Officials are sounding the alarm about the growing national threat of another mosquito-borne tropical virus known as Chikungunya, which recently infected three Long Islanders, who contracted it while traveling abroad.
News of the local residents’ infections came last week shortly after the U.S. Centers for Disease Control and Prevention (CDC) confirmed the first case of Chikungunya to be contracted within the continental United States, in Florida. That came seven months after the virus was first confirmed in the Western Hemisphere. Before that, Chikungunya had been found only in Africa, Asia, Europe, India and the Middle East.
“Chikungunya has now officially reached Long Island, and the feds must act before this debilitating virus spreads further and takes hold in New York,” said U.S. Sen. Charles Schumer (D-NY), calling on the CDC to issue a health alert and the U.S. Department of Homeland Security (DHS) to declare a public emergency. DHS referred a call to the CDC, which issued a statement last week saying it is working on a health alert.
An average of 28 cases Chikungunya had been reported annually in the nation from 2006 to ’13, mostly from travelers returning from Asia. But, as of July 22, nearly 500 cases were reported in the US and its territories—including 30 cases in New York State.
Chikungunya—pronounced chik-un-GUHN-ya —means “that which bends up” in Makonde, a language spoken in the African nation of Tanzania, where it was discovered in 1955. The rarely fatal virus causes symptoms such as severe fevers, arthritic-like joint paint, muscle pain, headaches, joint swelling and rashes.
The symptoms are similar to dengue fever, another mosquito-borne disease that was confirmed to have arrived in New York State last fall that officials have been warning about. It does not spread from person to person, but is carried by the Asian Tiger mosquito—the same breed that carries dengue fever.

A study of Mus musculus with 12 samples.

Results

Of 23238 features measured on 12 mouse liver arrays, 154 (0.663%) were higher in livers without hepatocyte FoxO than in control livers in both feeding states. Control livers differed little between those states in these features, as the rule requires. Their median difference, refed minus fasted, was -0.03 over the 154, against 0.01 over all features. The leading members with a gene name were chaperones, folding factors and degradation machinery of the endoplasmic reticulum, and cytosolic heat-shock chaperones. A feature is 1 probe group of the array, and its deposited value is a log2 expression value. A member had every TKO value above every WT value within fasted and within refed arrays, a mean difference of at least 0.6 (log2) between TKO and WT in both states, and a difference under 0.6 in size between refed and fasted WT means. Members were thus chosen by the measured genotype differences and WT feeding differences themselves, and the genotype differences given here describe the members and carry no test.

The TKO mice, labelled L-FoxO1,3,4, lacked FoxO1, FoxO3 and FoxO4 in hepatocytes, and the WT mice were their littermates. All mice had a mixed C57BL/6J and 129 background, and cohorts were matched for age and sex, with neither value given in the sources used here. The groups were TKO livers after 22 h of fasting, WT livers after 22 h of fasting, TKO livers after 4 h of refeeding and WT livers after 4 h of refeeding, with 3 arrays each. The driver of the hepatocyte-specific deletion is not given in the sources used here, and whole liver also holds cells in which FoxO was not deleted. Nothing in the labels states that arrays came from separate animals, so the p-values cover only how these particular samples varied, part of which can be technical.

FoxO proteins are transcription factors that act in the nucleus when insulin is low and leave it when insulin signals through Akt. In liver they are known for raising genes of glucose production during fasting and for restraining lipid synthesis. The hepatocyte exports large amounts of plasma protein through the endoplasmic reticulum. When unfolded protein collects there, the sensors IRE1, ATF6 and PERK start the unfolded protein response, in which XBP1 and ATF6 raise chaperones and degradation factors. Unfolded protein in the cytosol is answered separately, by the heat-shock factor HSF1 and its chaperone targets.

Researchers are hunting for a Chikungunya treatment. Recovery lasts about a week, but long-term joint pain occurs in some patients. Infected patients are recommended to wear bug spray in order to keep mosquitoes from biting them and passing it to others.
Schumer said a CDC alert would prepare doctors and nurses on how to diagnose the virus. A DHS would allow federal agencies to take actions such as increase inspections at ports and other efforts similar to those used as the swine flu outbreak, he said.
“Chikungunya has been on the U.S. public health radar for some time,” said Dr. Lyle Petersen, director of the CDC’s Division of Vector-Borne Diseases. “We are working with international public health partners and with state health departments to alert health care providers and the public about this disease, equip state health laboratories to test for it and to detect cases to help prevent further spread.”
CDC officials believe Chikungunya will behave like dengue fever, which has seen sporadic cases but not widespread outbreaks. But, the spike in Chikungunya-infected travelers entering the nation increases the chances of local transmission.
The three LI patients were taken to North Shore University Hospital, where they were treated by Dr. David Hirschwerk, associate chair of infectious disease.